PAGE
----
The sight of Rana Kapoor, one of India’s highest-profile bankers, being taken to a Mumbai court in his tracksuit in early March augured what has become a very bad month for the country’s banking sector.
Mr Kapoor was arrested and accused of taking kickbacks only days after Yes Bank, the lender he founded in 2004 but left last year, was taken over by the country’s central bank amid concerns it would not survive a deterioration in its loan book. Mr Kapoor, who denies the allegations, was sent to custody.
To save Yes Bank, the authorities cobbled together a rescue plan that saw a range of big-name Indian lenders led by the State Bank of India (SBI), the country’s largest, infuse funds in return for an equity stake. The episode came as a jolt to investors, who worried it could exacerbate vulnerabilities in the financial system.
But the challenges now facing India’s banking sector have reached another order of magnitude due to the coronavirus threat, and investors have made it known by dumping equities. Bank stocks have been among the hardest hit.
The National Stock Exchange’s Nifty Bank index has fallen about 41 per cent so far this month, outpacing the 26 per cent rout in the broader Nifty 50 gauge. Shares of large private lenders such as Axis Bank and IndusInd Bank have lost at least half of their value over the same period.
From public-sector behemoths to a mushrooming collection of private outfits, India’s banks have for years worked to beat down mounting piles of bad loans of the sort that felled Yes Bank. The ratio of gross non-performing assets at Indian banks rose to 11 per cent in 2018 from about 2 per cent a decade earlier, before starting to ease off.
The Reserve Bank of India (RBI) had already estimated that the nation’s economic slowdown would mean that figure would edge back up. But traders are now betting that events of the past month, culminating in a decision to shut down large parts of the country in response to Covid-19, could knock any recovery off course.
“The economy was already bad. Perhaps it was showing some signs of shaky stability, now we have this full blown impact of coronavirus. Where do we go from here?” said Saswata Guha, India financial institutions head at Fitch Ratings. “It looks quite bleak.”
This extra strain was partly collateral damage from the Yes Bank intervention. Some skittish depositors at a handful of smaller private banks pulled their money, betting that it would in future be safer in the state-backed giants that dominate the sector, such as SBI.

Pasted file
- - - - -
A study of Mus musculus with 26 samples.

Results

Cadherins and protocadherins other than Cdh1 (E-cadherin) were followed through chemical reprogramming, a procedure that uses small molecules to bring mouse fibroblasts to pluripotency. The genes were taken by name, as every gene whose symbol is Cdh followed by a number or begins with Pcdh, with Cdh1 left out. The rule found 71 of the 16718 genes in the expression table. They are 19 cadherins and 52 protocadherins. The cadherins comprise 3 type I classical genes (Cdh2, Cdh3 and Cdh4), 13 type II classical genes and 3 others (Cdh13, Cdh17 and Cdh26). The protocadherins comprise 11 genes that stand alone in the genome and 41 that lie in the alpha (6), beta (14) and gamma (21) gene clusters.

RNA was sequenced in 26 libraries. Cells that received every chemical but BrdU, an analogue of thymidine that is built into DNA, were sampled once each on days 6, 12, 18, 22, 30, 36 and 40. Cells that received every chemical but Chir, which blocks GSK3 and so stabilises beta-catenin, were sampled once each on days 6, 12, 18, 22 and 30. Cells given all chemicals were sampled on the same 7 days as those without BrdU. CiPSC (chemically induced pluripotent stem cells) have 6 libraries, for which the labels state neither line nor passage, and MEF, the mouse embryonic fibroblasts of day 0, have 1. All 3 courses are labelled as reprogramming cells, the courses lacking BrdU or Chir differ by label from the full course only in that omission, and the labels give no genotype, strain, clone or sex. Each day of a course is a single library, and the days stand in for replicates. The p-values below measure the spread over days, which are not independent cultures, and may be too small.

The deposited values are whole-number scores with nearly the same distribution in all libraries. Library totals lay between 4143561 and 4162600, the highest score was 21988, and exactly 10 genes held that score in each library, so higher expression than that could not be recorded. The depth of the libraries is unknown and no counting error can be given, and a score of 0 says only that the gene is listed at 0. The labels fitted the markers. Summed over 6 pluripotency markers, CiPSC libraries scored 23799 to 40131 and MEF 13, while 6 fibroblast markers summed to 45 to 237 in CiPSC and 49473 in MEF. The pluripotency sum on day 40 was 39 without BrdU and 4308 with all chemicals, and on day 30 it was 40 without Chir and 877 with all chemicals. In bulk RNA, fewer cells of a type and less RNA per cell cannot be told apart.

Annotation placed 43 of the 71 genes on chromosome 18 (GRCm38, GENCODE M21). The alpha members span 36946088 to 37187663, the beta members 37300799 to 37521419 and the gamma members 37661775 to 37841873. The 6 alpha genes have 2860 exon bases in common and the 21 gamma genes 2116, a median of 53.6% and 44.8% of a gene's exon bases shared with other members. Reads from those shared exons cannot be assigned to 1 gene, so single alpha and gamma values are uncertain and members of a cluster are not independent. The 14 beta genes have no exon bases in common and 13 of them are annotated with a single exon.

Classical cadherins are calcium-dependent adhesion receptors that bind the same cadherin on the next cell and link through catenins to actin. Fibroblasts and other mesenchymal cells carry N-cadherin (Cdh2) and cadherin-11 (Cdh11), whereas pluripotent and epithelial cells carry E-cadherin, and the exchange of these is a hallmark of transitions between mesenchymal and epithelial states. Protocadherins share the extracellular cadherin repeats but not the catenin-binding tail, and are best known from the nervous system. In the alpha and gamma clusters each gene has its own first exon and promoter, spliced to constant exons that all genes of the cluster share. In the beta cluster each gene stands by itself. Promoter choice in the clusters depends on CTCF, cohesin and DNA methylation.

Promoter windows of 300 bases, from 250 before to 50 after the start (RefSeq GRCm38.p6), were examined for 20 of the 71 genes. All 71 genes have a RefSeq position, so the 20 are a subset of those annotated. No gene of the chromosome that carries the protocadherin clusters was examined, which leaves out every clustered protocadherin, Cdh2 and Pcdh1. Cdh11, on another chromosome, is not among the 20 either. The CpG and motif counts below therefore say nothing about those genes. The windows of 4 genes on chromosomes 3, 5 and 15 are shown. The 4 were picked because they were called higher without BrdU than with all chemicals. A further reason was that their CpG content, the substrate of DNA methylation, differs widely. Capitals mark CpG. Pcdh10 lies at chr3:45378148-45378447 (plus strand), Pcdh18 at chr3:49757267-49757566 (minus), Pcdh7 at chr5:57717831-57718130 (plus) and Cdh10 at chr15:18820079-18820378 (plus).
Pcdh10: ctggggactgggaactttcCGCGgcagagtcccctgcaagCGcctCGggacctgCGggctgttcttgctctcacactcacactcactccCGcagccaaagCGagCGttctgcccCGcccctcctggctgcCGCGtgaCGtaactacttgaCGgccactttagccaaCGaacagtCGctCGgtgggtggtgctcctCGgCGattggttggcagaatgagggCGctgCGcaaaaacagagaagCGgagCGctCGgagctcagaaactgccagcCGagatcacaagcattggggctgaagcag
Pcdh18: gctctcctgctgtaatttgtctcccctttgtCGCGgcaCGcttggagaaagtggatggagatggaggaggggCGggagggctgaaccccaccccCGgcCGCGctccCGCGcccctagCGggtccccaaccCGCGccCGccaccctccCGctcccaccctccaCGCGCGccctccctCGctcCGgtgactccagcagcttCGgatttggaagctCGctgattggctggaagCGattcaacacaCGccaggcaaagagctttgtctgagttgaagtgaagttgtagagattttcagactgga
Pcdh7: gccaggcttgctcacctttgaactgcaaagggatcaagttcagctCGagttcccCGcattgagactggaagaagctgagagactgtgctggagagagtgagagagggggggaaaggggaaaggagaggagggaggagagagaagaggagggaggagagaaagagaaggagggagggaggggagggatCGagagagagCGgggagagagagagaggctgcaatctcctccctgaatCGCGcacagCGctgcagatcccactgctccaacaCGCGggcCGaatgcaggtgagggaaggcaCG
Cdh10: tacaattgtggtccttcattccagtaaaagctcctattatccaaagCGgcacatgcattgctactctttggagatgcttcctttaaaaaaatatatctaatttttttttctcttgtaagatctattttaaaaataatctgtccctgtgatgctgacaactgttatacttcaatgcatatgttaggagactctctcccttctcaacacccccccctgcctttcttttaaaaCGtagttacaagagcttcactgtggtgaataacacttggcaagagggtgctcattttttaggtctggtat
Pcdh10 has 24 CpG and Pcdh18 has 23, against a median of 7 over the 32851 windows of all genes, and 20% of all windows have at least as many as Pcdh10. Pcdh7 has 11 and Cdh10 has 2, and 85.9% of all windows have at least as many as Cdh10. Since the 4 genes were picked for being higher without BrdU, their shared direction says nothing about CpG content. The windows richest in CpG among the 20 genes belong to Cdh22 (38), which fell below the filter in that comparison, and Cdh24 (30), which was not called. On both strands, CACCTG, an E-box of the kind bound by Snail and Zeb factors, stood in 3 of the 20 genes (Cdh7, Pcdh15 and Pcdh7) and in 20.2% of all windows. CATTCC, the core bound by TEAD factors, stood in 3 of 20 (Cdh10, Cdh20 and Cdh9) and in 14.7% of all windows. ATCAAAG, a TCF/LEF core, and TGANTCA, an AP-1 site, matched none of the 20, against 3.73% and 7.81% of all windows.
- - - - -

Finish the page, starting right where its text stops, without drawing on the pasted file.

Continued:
Another blow was self-inflicted. Before the dust settled on Yes Bank, the Supreme Court ruled that telecom operators must pay dues worth billions owed to the government. That caused panic-selling in bank stocks due to their heavy exposures to the telecoms sector. Vodafone Idea, the UK telco’s local venture, has already said such a move could force it out of business — which in turn would cause instant damage to creditors such as IndusInd or IDFC Bank, whose shares have also dropped sharply this month.
Now India’s banks are facing the dire challenge of the viral outbreak. In a Tuesday night address to the nation, Prime Minister Narendra Modi announced that India would embark on a 21-day lockdown to keep people in their homes and leave only essential businesses running. Banks now face the prospect of lower corporate loan growth and a swift uptick in losses.
Those loans were seen as better protected from the risky or bad decisions that tainted lending to Indian conglomerates, but the prospect of lost jobs and small business closures as more than a billion Indians stay at home could change that equation.
“What we really do not want is when you start to see cracks in the retail book,” said Gaurav Arora, head of Asia-Pacific banking at Greenwich Associates. “The market is pricing in the fact that with everything slowing down, people are going to be laid off . . . they might not be able to get liquidity and pay off the debt that they have.”
In order to withstand the shock, banks have sought relief measures, including a call for the RBI to relax rules that require them to classify an unpaid loan as non-performing within 90 days.
More will be needed. As Indians settle in for three long weeks of curfew, it is now clear that the long-awaited recovery of the country’s banking sector is in deep jeopardy.